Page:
Biological invasions threaten developing countries
Invasions from alien species such as Japanese Knotweed and grey squirrels threaten the economies and livelihoods of residents of some of the world's poorest nations, new University of Exeter research shows.
The damage caused by non-native species like the Harlequin ladybird and mink threaten global biodiversity and cost global economies US$1.4 trillion annually. They can transmit disease, choke river systems and wells, prevent cattle being able to graze and out-compete or eat native species.
This is often seen as a "first world" problem. Experts have now shown these invasions are also threatening the last remaining biodiversity strongholds in the world's most fragile economies. One sixth of the global land surface is highly vulnerable to invasion, including substantial areas in developing nations and areas with diverse species of birds and plants.
A new study says better action is needed to protect people and the environment in areas with high levels of poverty.
Increasing globalization, especially imports of pets and plants, has have caused much of the biological invasions in the past. In the future air travel will be responsible for biological invasions of Africa and Asia. This will be exacerbated by climate change, and intensifying agriculture, which make it easier for invasive species to become established.
Rich nations are accustomed to the nuisance of invasive alien species, and are increasingly taking protective action. The study outlines how poorer economies are crucially reliant on international trade and have little power to regulate imports, so the introduction of highly dangerous species continues unchecked.
Researchers have evaluated the global 21st century threat from invasive species, and have found many developing nations are not capable of responding properly. They hope their findings will lead to governments and NGOs improving schemes to warn communities of the threats of biological invasion and provide solutions.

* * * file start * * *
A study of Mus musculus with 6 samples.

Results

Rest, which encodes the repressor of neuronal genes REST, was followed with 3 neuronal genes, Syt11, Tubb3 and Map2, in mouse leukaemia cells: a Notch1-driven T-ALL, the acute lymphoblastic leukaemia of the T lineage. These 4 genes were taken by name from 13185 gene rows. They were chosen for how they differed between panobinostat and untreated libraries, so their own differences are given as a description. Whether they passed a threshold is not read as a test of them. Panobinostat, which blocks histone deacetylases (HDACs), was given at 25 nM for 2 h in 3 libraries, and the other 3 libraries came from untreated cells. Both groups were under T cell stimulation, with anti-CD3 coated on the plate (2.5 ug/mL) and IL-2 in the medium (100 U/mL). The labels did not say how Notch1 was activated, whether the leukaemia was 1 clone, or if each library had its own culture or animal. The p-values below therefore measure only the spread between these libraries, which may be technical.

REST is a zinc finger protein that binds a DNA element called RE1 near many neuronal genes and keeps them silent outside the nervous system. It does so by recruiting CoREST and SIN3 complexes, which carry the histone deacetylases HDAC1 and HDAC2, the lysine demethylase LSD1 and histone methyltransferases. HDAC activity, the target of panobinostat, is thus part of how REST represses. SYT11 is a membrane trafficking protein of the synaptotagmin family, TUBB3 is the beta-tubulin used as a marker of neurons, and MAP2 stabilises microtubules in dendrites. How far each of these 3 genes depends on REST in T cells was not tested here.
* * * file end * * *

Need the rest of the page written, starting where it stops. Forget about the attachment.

Dr Regan Early, from the University of Exeter, who lead the study, said: "Rampant globalisation will lead to invasions in countries with the least capability to deal with them. We need more international cooperation, and the US, Australia and nations in Europe to share expertise."
Study co-author Ines Ibañez of the University of Michigan, said: "In the coming years, the negative impacts associated with the introduction of harmful species will likely be exacerbated by other global stressors, such as climate change, landscape degradation and pollution.
"Developed and developing countries–especially the latter–may lack the operational infrastructure to prevent and deal with harmful introductions."
Purdue University's Jeffrey Dukes, who also co-authored the study, said that dramatic changes in trade, transport and the environment pose challenges to native species that have evolved over thousands of years to be well adapted to their ecosystems.
"We're rapidly shifting the ground under native species," he said. "While species can presumably evolve to be better adapted to new conditions, we don't know how long that could take."
The researchers collected information about trade, particularly plants and pets and air travel and compared this to information about climate change, wildlife and agriculture to model where invasions are likely to be identified.
Biological invasions in the developing world so far have included the recent influx of Diamondback moths, panama disease, which wiped out banana plantations in central and south America, and prickly pear, which devastated grassland in Africa, leading to cattle being malnourished and people losing their livelihoods. A new strain of panama disease currently threatens the global banana market. It can take more than a decade for an invasion to take hold.
Global threats from invasive species in the 21st Century and national response capacities is published in the journal Nature Communications.